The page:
Variations in Wrapping Tongs of Pu-erh

Happily, we are noticing more curiosity about Pu-erh this last year than ever before. We stock a table near our main counter with a working quantity of large and small sheng and shou Pu-erh cakes (beeng cha) and a few tuo-cha. To sweeten the pot of wonder and delight, we also have some Pu-erh mushrooms (jin cha), two-piece Pu-erh stupas, and a hefty melon-shaped Pu-erh that could provide for an entire community of tea drinkers.

Our display gives the Pu-erh good visibility, which leads to a lot of questions about what they are. (We overhear some unflattering and ungracious comments, too)! Many tea drinkers know what the cakes are but some have only seen images of them on tea websites or in photographs.

So it is great to see their reaction when they can actually hold a Pu-erh cake and appreciate how these beeng cha look and feel. Being able to handle the cakes really brings the history of the cakes and the uniqueness of the tea to life for many. Of course, nothing replaces tasting Pu-erh, but for many the intrigue begins with being able to hold a tea cake.

When someone is interested, we also like to point out other visual details of Pu-erh that are part of the cultural essence of this historic tea, such as:

  • the texture and feel of the paper used to wrap the beeng cha
  • the thin-ness of the paper
  • the way the wrapper has been folded by hand by a worker on the backside of the beeng cha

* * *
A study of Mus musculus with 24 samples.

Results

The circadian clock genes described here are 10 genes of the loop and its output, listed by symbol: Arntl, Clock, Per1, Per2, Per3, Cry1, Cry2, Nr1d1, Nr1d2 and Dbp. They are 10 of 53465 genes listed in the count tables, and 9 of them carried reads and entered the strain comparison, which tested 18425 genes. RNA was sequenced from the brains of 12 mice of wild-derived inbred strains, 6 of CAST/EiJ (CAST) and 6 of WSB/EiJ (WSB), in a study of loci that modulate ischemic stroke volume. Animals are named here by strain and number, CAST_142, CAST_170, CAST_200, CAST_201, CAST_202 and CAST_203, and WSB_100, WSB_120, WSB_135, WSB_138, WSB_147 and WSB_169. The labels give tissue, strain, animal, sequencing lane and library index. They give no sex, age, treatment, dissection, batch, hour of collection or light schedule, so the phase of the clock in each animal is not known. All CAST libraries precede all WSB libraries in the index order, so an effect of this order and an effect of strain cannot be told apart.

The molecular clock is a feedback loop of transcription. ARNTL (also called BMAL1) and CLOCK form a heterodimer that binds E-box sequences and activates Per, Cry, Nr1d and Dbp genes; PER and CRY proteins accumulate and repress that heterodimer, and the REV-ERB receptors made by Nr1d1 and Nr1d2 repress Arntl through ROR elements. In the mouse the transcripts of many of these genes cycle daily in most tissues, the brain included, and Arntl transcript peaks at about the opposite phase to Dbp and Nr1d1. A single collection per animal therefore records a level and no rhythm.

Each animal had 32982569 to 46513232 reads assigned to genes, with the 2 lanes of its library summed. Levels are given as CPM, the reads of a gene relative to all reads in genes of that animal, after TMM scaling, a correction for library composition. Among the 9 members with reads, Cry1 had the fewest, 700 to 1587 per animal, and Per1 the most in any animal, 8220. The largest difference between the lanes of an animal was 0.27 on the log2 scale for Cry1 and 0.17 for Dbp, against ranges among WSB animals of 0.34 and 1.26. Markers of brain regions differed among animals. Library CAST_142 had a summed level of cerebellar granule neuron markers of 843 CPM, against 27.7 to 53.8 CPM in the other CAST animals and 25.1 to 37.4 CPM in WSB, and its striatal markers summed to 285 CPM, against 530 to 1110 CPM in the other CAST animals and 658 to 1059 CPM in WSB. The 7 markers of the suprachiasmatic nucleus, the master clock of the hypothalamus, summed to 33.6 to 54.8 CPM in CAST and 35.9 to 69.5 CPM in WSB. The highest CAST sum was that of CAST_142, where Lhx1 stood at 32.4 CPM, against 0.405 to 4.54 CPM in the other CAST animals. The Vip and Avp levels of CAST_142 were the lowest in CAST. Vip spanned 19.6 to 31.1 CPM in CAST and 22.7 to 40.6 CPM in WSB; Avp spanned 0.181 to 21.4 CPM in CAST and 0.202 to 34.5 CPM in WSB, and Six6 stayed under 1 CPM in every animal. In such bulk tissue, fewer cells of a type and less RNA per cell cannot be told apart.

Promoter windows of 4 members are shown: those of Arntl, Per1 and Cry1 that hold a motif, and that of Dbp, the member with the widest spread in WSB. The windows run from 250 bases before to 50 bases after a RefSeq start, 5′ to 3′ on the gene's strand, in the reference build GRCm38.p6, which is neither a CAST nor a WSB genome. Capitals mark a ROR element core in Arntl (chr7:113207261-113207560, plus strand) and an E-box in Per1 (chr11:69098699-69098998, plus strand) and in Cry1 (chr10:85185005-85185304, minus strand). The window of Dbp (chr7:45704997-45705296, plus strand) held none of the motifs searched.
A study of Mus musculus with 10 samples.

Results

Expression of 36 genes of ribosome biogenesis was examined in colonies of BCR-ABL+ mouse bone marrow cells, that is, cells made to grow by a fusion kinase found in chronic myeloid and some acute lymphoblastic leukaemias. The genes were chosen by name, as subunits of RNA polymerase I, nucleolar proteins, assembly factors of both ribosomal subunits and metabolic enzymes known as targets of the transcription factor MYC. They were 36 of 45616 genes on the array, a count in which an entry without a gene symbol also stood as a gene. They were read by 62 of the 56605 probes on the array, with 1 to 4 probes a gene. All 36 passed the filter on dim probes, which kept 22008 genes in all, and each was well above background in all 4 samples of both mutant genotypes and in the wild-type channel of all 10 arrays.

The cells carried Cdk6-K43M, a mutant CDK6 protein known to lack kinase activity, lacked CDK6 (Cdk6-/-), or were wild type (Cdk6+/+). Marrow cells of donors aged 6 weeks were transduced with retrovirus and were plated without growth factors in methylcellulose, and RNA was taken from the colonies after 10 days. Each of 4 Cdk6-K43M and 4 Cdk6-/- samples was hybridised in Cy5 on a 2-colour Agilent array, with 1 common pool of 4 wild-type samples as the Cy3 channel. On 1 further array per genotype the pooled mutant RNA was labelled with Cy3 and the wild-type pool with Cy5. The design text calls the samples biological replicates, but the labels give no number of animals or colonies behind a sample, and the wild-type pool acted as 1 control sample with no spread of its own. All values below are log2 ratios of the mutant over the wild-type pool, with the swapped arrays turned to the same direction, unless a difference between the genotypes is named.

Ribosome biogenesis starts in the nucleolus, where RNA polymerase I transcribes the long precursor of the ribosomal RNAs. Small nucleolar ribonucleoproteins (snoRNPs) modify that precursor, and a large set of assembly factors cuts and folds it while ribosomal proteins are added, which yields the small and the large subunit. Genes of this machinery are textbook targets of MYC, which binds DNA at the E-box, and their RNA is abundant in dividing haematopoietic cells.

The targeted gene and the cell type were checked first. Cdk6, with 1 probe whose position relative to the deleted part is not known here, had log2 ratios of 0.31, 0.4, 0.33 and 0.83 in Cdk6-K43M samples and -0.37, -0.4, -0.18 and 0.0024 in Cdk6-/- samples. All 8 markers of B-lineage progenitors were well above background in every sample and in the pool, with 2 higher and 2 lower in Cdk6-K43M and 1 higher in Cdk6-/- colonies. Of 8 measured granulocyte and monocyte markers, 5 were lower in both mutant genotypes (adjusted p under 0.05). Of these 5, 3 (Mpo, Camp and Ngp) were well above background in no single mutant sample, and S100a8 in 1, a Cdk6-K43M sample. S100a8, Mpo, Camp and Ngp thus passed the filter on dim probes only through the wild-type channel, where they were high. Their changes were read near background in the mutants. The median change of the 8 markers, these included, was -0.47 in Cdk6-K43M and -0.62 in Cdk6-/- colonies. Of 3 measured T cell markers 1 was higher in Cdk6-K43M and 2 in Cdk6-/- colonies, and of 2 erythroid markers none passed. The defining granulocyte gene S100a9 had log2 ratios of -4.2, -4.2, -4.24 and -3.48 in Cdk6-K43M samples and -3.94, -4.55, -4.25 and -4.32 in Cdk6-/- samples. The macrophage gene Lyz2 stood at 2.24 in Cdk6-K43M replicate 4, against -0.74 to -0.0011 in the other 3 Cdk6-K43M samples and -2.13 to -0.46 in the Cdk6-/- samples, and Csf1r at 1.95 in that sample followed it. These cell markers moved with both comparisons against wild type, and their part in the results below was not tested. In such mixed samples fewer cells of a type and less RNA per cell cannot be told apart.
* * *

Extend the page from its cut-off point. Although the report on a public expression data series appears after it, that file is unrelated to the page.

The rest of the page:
• the color of the inks used on the front of the wrapper
  • how each tea factory incorporates their name and logo into the design that identifies the maker of the beeng cha on the front of the wrapper

But one thing that many tea enthusiasts may have never seen are full tongs of Pu-erh cakes. A tong is a bamboo-sheath wrapped unit of 7 tea cakes, which is an old, traditional way that the cakes are packaged for re-sale and transport. Multiple tongs of tea are again packaged in bamboo packs that contain 9,12,15, etc, individual tongs, which makes it easy to transport a quantity of beeng cha. This outer wrapping allows the tea to breathe while offering protection to the tea cakes from dirt and dust.

Yiwu Mini Sheng Pu-erh Beeng Cha

(Bamboo sheaths are a natural forest by-product of giant bamboo – these are the outer covering of young bamboo plants which fall off as the bamboo grows. The forest floor in an area of giant bamboo is littered with dried bamboo sheaths).

So, this is a collage image of some tongs of tea that we received this past year. It is an interesting study in the concept of ‘same-but-different’. Notice that the outer bamboo wrapping is used in a similar manner but the way in which the bamboo sheaths are held in place varies significantly. The ties are made from bamboo, too, although sometimes wire ties are used.

Our supply of full tongs is dwindling, but be sure to see our collection of Pu-erh on top of the main tea shelving unit when visiting the store!